Year End Review – Making Sense of Children’s Serving and Portion Sizes

The following is an archived post

Understanding portions and servings is often perplexing for folks of all ages and it may be difficult to make sense of all of the recommendations and various terminology. First, let’s define the following:

A “serving” is the amount of food recommended in consumer education materials and by professionals for dietary guidance.

A “portion” is the amount of a food you choose to eat at any one time — which may be more or less than a serving.

The American Academy of Pediatrics has recommendations for children aged 1-10. Of course, proper nutrition is very much individualized, so a child may need more or less food based on activity levels, health status, or other reasons.

In general, recommendations are categorized among the 5 food groups: fruit, vegetables, grains, proteins, and dairy.

For all children 1-10 years old, the serving suggestions are the same:

  • 2-3 servings each of fruit, vegetables and dairy

  • 6-11 servings of grains

  • 2 proteins

Take note about servings versus portions: Although a 1-year old and 10-year old should both have 2 servings of protein sources per day, a serving for a 1-year old is measured as 1 ounce of meat or half of an egg, whereas a serving for a 10-year old is 2-3 ounces of meat or up to 2 eggs.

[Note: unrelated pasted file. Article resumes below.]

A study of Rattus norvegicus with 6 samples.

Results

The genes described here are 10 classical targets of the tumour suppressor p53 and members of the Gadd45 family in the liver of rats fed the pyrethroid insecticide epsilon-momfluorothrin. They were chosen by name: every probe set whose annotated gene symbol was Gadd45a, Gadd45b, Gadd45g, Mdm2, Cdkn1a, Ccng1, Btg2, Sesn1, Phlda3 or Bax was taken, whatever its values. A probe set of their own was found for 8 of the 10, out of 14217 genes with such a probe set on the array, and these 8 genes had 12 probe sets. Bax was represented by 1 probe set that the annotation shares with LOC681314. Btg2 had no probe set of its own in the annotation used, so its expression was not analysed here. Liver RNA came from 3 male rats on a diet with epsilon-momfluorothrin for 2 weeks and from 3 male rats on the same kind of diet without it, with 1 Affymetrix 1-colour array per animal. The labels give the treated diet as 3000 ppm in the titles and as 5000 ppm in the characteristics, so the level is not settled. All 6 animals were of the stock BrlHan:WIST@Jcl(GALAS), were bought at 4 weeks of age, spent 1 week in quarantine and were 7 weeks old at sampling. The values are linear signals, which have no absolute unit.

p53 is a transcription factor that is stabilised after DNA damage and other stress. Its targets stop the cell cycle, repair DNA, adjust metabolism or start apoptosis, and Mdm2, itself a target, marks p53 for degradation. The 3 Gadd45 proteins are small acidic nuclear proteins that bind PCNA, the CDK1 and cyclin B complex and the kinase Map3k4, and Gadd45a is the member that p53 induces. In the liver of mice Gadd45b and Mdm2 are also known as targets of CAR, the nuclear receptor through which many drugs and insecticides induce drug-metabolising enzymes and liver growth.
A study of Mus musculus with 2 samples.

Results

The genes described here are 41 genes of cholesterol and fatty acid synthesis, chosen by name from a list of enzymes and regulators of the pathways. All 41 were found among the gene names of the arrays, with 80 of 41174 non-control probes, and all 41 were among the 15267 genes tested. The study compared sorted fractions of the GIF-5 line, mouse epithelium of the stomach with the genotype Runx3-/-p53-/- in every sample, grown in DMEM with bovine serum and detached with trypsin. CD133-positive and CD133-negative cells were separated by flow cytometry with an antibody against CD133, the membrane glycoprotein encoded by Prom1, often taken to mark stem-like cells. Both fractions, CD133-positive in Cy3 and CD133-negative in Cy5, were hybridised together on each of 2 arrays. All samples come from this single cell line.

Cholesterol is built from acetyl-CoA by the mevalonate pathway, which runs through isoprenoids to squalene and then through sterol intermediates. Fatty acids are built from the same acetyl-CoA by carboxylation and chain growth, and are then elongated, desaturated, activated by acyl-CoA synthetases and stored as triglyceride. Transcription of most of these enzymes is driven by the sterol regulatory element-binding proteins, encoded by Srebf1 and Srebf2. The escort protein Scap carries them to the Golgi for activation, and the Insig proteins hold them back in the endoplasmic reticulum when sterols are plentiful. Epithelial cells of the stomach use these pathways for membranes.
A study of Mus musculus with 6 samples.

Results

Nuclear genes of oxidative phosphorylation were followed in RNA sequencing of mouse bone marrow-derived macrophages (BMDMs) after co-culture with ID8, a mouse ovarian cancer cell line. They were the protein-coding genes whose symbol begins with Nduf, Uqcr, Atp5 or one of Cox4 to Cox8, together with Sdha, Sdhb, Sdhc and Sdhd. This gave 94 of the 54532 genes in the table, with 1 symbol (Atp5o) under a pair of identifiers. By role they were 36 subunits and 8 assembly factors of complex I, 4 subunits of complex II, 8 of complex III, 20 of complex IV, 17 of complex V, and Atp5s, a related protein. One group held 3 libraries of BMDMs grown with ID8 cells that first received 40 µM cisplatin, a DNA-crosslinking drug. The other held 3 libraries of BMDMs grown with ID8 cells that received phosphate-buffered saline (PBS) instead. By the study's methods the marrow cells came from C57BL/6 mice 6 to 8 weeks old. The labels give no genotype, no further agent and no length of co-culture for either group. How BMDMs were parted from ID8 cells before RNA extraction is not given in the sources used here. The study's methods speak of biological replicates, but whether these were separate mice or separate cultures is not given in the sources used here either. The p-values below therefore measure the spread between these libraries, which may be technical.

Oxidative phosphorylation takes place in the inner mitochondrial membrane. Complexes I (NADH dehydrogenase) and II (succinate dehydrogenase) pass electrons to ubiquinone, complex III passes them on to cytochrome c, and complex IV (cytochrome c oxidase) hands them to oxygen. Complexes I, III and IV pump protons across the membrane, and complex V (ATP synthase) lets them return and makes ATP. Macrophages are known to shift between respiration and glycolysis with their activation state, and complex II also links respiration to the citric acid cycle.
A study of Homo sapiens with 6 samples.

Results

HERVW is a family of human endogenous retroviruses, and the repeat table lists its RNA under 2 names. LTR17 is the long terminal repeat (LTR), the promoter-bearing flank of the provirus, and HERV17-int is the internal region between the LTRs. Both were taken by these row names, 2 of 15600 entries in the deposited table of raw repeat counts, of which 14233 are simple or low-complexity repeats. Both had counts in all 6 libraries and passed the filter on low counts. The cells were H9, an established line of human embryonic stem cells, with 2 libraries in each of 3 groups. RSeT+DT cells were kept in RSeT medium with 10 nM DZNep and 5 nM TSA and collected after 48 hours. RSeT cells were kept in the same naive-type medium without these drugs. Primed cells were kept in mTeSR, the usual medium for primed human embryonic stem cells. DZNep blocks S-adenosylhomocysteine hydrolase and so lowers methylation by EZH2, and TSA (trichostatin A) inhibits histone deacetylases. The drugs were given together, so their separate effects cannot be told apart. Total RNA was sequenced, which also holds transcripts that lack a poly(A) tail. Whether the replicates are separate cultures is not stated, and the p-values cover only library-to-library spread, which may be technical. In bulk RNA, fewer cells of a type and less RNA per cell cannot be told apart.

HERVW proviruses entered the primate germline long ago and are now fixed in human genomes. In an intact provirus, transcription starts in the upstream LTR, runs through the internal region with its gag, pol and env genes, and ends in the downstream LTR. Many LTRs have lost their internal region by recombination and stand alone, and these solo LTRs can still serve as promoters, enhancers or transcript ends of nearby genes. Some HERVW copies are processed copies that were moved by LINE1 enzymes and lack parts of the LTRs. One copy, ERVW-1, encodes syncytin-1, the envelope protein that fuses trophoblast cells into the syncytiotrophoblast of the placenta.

Understanding this may arm parents and caregivers to in turn help children recognize how much food is appropriate for a meal while making sure that leftovers or extras are available depending on your child’s level of hunger.

It is also important to consider the difference between portions and servings when providing children with packaged food items like crackers, chips, or other snacks. The nutrition label on the box may say that a serving size is 12 crackers, but this is based on what one serving would be for someone who needs 2,000 calories per day. A toddler does not need nearly that many calories on a daily basis, nor does a middle-schooler.

For a quick reference, check out this chart used by the American Academy of Pediatrics. It also highlights what options fall within each food group. Print for ease of use!

Don’t feel frustrated if you have trouble following the recommendations exactly. No two children are the same, so it’s important to be flexible!